Moran Argues Against Health Exchanges for Hill Staffers | WAMU 88.5 - American University Radio

WAMU 88.5 : News

Filed Under:

Moran Argues Against Health Exchanges for Hill Staffers

Play associated audio
Starting next year lawmakers and the majority of Hill staffers are slated to move off of the normal federal health care plan and onto new insurance exchanges.
http://www.flickr.com/photos/nostri-imago/3063022330/
Starting next year lawmakers and the majority of Hill staffers are slated to move off of the normal federal health care plan and onto new insurance exchanges.

Starting next year, lawmakers and the majority of Hill staffers are slated to move off of the normal federal health care plan and onto new insurance exchanges being set up under the health care law. But now some lawmakers are getting cold feet and are looking for ways to exempt low-paid Hill staffers from the exchanges.

"You know I could probably support it because I'm looking out for my staff," says Rep. Jim Moran (D-VA). "I know how hard they work."

He adds that he's not opposed to going on an insurance exchange, but argues the program was never intended to supplement existing health insurance programs, like the one provided by the government.

"The exchanges were set up for people who don't get quality, affordable health insurance," Moran told WAMU 88.5 News off the House floor.

Critics say the idea of exempting lawmakers and Hill employees from the exchanges that will soon service millions of Americans reeks of hypocrisy. Many Republicans are vowing to do all they can to stop this movement.

"It's irreconcilable with the will of the American people. The American people truly are desperate for leadership by example. This is the antithesis of this," argues Rep. Scott Rigell (R-VA).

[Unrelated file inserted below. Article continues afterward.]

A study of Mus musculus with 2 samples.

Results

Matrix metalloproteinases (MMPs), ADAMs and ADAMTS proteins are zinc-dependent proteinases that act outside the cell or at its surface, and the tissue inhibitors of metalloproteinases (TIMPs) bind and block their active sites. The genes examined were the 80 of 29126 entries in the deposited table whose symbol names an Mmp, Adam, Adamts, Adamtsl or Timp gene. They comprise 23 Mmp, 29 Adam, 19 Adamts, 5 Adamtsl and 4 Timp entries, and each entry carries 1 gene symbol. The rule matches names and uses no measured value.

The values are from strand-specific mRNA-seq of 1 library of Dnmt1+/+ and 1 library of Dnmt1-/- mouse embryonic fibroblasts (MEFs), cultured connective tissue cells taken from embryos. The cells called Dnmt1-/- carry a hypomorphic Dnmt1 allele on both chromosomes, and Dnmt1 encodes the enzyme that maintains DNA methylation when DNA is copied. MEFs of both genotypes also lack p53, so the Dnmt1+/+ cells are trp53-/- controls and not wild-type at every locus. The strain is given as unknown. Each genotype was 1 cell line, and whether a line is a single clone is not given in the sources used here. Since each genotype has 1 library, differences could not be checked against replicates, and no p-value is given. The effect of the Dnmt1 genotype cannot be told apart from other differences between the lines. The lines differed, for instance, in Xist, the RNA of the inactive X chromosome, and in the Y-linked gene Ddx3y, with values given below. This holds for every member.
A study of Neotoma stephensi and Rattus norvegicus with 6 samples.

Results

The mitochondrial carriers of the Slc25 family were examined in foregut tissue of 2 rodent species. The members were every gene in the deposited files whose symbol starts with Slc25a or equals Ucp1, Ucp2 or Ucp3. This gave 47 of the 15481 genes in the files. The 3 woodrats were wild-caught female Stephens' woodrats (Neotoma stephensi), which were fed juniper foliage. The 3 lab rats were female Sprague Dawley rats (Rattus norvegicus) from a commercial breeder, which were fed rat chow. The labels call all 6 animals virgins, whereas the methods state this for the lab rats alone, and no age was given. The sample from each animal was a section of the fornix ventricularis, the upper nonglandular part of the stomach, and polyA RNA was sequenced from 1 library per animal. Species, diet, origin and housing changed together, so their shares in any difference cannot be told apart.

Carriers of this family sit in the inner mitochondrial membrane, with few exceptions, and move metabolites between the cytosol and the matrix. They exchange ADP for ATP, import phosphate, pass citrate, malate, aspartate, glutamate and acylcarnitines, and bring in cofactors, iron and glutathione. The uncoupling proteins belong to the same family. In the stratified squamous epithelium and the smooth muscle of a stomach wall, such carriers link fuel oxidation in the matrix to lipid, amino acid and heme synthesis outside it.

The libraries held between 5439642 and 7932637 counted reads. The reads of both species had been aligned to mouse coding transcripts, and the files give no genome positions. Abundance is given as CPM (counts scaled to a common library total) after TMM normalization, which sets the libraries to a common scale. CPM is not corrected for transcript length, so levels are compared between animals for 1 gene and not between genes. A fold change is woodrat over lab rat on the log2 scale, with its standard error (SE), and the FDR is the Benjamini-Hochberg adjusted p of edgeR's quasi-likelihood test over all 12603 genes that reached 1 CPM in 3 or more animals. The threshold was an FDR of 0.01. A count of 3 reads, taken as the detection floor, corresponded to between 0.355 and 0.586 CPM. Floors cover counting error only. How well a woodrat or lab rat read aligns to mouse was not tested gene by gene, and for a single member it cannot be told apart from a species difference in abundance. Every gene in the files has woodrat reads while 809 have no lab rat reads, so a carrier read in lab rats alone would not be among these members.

Senate Majority Leader Harry Reid is trying to tamp down the debate that was started by a Politico story this week. His office denies there was ever a discussion of exempting lawmakers or their staffs from the exchanges.

NPR

Leonard Nimoy, Mr. Spock On 'Star Trek,' Dies At 83

The cause was end-stage chronic obstructive pulmonary disease, his wife, Susan Bay Nimoy, told The New York Times.
NPR

Stone Age Britons Were Eating Wheat 2,000 Years Before They Farmed It

Scientists have recovered cultivated wheat DNA from an 8,000-year-old submerged site off the British coast. The finding suggests hunter-gatherers were trading for the grain long before they grew it.
WAMU 88.5

Paycheck Politics And The Homeland Security Bill

Homeland Security Secretary Jeh Johnson is blasting Republicans who claim that the department's workers can weather a temporary shutdown if Congress can't finish legislation to fund the department by the end of Friday.

NPR

Fines Remain Rare Even As Health Data Breaches Multiply

Since 2009, a federal watchdog has levied only 22 penalties against health care organizations for failing to safeguard information about patients.

Leave a Comment

Help keep the conversation civil. Please refer to our Terms of Use and Code of Conduct before posting your comments.